Tashme at Dusk, July/August 1944 1944
When Kazuo Nakamura (1926–2002) painted Tashme at Dusk, he was an eighteen-year-old resident of a Japanese internment camp—Tashme—near Hope, British Columbia. The work depicts the settlement at night, hemmed in by the mountains beyond. A few bands of light in the distant sky and yellow lamplight shining out from individual cabins provide limited illumination, and the scene is at once beautiful and claustrophobic.
During the Second World War, around 22,000 Japanese Canadians were forcibly removed from their homes to internment camps because Canada was at war with Japan. Even though many had been born in Canada, their property was confiscated and they were interned as enemy aliens. In 1942, Nakamura and his family were sent from Vancouver to Tashme, where he worked during the day cutting lumber and clearing brush. Already interested in art, he purchased his supplies through Simpson’s and Eaton’s catalogues. Although he was able to paint only at day’s end, art provided an essential escape. Tashme at Dusk may be a straightforward depiction of the camp as he saw it, but as a nocturne it still packs an emotional punch, not least because the pine tree to the right echoes the stalwart pine tree in Tom Thomson’s The Jack Pine, 1916–17, itself born of war, in this case the First World War.
Nakamura left Tashme for Hamilton, Ontario, only a few months after this painting was completed, and he did not revisit it until 1986. In his new home, he continued to work during the day and paint at night. Nightfall, Hamilton, 1945, perhaps unsurprisingly shares much of the same elegiac mood as Tashme at Dusk. Three years after he painted this work he began to take classes at Toronto’s Central Technical School, where, exposed to modern art, his landscapes became more abstract, his paintings ultimately earning him membership in the celebrated Painters Eleven. Security also came in Toronto, where he met other young Japanese Canadian artists and architects struggling with past wartime experiences, including Raymond Moriyama (b.1929).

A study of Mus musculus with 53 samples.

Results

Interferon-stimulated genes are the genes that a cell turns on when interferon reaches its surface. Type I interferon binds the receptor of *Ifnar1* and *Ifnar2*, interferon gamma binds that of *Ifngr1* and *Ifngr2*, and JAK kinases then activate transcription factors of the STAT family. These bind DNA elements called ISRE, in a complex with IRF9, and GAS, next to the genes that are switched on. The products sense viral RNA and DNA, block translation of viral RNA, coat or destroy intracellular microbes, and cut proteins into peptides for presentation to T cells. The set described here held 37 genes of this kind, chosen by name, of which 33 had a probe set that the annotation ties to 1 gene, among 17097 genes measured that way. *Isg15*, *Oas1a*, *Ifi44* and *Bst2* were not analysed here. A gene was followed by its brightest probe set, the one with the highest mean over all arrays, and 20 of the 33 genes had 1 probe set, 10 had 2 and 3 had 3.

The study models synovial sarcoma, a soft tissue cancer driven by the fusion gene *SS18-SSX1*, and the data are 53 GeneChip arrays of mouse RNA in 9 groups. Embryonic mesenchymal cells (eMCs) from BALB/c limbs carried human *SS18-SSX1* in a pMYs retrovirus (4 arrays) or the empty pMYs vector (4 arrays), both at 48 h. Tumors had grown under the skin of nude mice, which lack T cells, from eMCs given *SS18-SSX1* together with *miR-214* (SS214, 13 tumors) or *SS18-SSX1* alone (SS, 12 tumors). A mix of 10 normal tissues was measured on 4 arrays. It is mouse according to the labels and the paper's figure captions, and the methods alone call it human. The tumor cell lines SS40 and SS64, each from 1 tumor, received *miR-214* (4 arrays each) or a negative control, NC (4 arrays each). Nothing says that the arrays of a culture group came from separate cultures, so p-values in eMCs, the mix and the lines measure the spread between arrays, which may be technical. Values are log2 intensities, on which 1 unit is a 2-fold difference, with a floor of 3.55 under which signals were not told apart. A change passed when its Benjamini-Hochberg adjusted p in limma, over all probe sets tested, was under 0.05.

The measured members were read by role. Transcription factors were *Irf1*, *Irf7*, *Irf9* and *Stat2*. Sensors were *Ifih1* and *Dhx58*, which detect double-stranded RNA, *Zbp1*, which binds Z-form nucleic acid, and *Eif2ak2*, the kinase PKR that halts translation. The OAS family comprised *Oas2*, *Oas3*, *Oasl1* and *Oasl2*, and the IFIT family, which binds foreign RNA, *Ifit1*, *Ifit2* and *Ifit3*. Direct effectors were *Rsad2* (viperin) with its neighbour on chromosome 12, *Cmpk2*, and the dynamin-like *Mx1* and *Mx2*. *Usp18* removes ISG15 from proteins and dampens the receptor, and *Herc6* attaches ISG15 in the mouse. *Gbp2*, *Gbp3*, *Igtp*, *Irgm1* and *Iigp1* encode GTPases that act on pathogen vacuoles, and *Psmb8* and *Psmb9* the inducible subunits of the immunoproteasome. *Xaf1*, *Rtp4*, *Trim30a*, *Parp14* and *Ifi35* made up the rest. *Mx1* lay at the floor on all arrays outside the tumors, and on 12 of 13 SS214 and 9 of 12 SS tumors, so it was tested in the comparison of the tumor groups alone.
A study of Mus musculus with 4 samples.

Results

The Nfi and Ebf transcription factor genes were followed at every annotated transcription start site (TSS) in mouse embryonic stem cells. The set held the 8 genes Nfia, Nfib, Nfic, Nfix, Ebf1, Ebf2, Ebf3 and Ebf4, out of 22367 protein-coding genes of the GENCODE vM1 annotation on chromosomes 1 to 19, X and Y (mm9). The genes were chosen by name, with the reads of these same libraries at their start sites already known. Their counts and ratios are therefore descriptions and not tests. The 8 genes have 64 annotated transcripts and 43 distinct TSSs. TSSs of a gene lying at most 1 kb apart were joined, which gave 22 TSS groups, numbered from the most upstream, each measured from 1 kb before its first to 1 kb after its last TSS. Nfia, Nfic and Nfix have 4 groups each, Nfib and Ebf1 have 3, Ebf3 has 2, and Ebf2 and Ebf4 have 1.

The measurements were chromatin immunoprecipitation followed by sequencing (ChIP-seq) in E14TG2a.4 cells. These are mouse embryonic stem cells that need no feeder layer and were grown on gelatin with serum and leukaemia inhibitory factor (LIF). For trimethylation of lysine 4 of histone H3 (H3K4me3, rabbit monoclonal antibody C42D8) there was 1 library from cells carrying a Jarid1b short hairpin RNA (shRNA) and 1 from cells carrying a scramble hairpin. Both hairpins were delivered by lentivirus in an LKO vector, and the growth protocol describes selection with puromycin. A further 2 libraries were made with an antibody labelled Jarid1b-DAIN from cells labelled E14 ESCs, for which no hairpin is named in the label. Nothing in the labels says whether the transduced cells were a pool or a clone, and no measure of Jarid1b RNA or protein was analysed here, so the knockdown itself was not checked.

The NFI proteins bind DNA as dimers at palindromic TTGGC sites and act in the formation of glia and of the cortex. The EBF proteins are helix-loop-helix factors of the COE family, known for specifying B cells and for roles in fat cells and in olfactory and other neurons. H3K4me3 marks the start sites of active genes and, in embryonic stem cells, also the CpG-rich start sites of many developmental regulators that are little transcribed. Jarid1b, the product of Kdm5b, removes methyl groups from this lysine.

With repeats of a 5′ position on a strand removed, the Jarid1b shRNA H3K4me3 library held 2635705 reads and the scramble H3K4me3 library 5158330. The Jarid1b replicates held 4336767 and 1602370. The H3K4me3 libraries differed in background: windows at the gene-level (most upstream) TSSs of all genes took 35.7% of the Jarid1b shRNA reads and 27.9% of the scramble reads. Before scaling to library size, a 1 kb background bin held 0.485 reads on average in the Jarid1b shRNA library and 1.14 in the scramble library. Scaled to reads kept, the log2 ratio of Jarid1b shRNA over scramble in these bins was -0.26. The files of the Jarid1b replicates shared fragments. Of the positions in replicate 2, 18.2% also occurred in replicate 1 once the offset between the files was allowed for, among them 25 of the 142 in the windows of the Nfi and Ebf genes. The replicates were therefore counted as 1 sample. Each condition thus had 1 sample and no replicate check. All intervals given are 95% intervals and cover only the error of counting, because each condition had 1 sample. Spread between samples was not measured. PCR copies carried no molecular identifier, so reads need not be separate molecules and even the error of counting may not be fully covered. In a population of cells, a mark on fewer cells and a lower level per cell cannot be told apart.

Moriyama had similarly spent his teenage years in a Japanese internment camp in British Columbia, in his case Slocan. In uncertain times and already knowing he wanted to be an architect, he made himself a tree house, a place where he felt safe. At war’s end, like Nakamura’s family, he and his family relocated to Hamilton. Moriyama went on to achieve a stellar career as an internationally renowned architect of museums and embassies. Designing the new Canadian War Museum, which opened in 2005, brought his war memories to the forefront again. Instability and the memory of his wartime tree house are very much part of the museum’s design aesthetic, with, for example, the prevalence of uneven floors and the asymmetry of Moriyama Regeneration Hall’s tree-house–like roof trusses.
The Japanese Canadian internment experience continues to play a key role in Canadian art, as former internee Norman Takeuchi’s (b.1937) Tashme, 2006, also demonstrates. Formed in the shape of a kimono, an iconic Japanese garment, Takeuchi’s artwork invites us to reflect on the role wartime internment has played in the lives of Japanese Canadian artists.